1 July 2014 By Reynolds Holding

Uncle Sam is cooking up penalties with an anti-foreign flavor. New research suggests that overseas firms like BNP Paribas do in fact pay bigger fines and plead guilty more often than U.S. companies. One reason may be that prosecutors target only the most serious cases abroad. But the differences feed suspicions that America is playing favorites.

The French bank on Monday agreed to cough up almost $9 billion while admitting criminal violations of U.S. sanctions. Credit Suisse and a subsidiary of UBS also pleaded guilty recently to tax avoidance and interest-rate rigging, respectively. JPMorgan, Bank of America and other U.S. banks have paid billions of dollars in penalties but have, so far, avoided criminal liability.

The European institutions can justifiably feel singled out. U.S. criminal fines from 2001 to 2010 were about five times greater on average for foreign firms than for American counterparts, a University of Virginia Law School study has found. The average penalty was 22 times bigger for foreign companies after adjusting for the type of crime and whether the company was listed. And while about 40 percent of listed U.S. firms accused of crimes pleaded guilty between 2001 and 2012, more than 50 percent of foreign firms did.

Enforcement decisions are largely inscrutable. One reason foreign firms seem to be hit harder may be that the cost and difficulty of pursuing wrongdoing abroad make only the most egregious cases worthwhile. Convictions also may have fewer collateral consequences for overseas companies. They don’t answer to as many U.S. regulators, and a guilty plea may not badly tarnish their reputations back home.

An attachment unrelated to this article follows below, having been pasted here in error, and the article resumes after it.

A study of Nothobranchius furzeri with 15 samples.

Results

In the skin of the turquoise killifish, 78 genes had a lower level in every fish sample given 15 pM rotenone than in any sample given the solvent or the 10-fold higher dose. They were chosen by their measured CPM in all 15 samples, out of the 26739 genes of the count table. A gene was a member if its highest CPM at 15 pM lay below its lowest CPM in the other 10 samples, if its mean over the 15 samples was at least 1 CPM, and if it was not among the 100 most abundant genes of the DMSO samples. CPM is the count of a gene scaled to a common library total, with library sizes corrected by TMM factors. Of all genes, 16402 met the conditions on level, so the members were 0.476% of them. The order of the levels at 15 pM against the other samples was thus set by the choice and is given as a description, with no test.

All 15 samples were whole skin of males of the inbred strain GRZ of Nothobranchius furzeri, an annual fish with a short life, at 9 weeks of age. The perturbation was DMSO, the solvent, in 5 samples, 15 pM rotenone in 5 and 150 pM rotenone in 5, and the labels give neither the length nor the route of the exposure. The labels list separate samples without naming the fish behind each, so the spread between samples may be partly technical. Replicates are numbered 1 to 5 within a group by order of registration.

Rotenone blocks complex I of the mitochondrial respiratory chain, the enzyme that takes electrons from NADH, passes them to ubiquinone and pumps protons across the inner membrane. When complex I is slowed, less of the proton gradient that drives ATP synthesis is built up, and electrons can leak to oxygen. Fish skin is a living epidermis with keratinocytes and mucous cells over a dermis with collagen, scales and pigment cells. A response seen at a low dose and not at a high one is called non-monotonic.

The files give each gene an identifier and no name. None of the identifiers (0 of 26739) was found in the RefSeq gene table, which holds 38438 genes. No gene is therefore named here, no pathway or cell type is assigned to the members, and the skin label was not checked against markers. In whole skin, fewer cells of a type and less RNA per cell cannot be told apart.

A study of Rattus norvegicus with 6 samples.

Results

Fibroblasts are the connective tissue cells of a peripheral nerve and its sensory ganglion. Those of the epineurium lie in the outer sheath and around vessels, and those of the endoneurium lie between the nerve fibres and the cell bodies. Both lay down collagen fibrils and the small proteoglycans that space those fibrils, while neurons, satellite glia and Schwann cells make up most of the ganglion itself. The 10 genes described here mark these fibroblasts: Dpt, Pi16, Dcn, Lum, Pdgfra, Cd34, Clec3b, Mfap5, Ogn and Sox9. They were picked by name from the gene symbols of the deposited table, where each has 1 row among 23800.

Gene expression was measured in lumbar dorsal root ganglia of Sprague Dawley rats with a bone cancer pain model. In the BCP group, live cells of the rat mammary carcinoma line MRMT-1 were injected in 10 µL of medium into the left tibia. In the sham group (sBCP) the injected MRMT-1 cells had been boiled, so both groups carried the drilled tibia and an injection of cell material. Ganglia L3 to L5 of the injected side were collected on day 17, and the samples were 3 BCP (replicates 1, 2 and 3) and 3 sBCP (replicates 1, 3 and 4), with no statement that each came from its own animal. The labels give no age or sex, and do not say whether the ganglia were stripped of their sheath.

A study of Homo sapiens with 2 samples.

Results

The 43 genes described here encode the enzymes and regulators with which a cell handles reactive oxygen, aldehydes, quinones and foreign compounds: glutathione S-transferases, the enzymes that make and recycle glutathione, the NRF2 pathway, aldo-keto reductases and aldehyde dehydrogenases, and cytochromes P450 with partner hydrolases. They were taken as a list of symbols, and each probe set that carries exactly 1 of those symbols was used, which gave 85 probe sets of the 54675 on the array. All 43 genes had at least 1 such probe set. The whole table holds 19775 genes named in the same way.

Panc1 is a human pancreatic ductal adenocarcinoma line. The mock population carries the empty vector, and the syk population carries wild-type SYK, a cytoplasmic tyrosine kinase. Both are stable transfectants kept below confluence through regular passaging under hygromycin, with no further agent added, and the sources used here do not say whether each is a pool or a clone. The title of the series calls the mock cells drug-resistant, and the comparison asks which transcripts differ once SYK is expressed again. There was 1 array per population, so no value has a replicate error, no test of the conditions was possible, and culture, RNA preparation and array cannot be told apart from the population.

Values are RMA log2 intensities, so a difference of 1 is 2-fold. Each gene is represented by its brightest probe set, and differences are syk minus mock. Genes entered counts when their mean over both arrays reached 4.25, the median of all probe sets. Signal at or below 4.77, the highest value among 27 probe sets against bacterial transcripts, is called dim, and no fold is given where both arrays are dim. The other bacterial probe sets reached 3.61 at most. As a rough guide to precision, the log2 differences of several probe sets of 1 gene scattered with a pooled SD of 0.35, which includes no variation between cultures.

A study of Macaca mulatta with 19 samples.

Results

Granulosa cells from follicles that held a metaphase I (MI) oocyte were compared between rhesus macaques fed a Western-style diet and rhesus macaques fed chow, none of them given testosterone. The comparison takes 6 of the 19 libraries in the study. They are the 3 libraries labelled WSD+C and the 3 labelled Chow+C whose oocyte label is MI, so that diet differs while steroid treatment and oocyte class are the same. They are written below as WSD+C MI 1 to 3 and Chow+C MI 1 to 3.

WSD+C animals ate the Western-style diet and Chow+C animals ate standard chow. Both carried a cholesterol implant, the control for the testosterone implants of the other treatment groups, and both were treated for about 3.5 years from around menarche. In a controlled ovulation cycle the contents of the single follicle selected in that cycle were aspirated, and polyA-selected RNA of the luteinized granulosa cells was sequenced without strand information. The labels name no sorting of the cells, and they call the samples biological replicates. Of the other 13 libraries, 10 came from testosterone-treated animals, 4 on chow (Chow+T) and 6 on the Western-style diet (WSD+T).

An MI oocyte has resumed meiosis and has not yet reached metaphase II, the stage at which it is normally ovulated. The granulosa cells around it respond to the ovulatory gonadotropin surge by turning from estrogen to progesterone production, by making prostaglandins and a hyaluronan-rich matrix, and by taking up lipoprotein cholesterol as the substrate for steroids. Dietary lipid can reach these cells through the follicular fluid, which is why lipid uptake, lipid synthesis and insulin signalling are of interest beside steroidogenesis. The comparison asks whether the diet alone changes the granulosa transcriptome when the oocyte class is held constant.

Yet prosecutors have treated American companies gingerly since putting accounting icon Arthur Andersen out of business in 2002. Many alleged miscreants get deferred prosecution agreements that suspend criminal charges in exchange for reforms and fines. Even convicted firms are shielded. Pharmaceutical giant Pfizer, for example, settled charges of illegally promoting products in part by having a defunct subsidiary plead guilty.

The government especially shies away from charging U.S. banks. Their many regulators can revoke licenses and certain clients won’t deal with criminal entities. But even those penalties are discretionary, as New York’s financial watchdog showed by agreeing not to pull BNP’s license. The new study adds to the sense that U.S. prosecutors are running out of excuses. Without more homegrown scalps, they risk leaving a bitter taste abroad.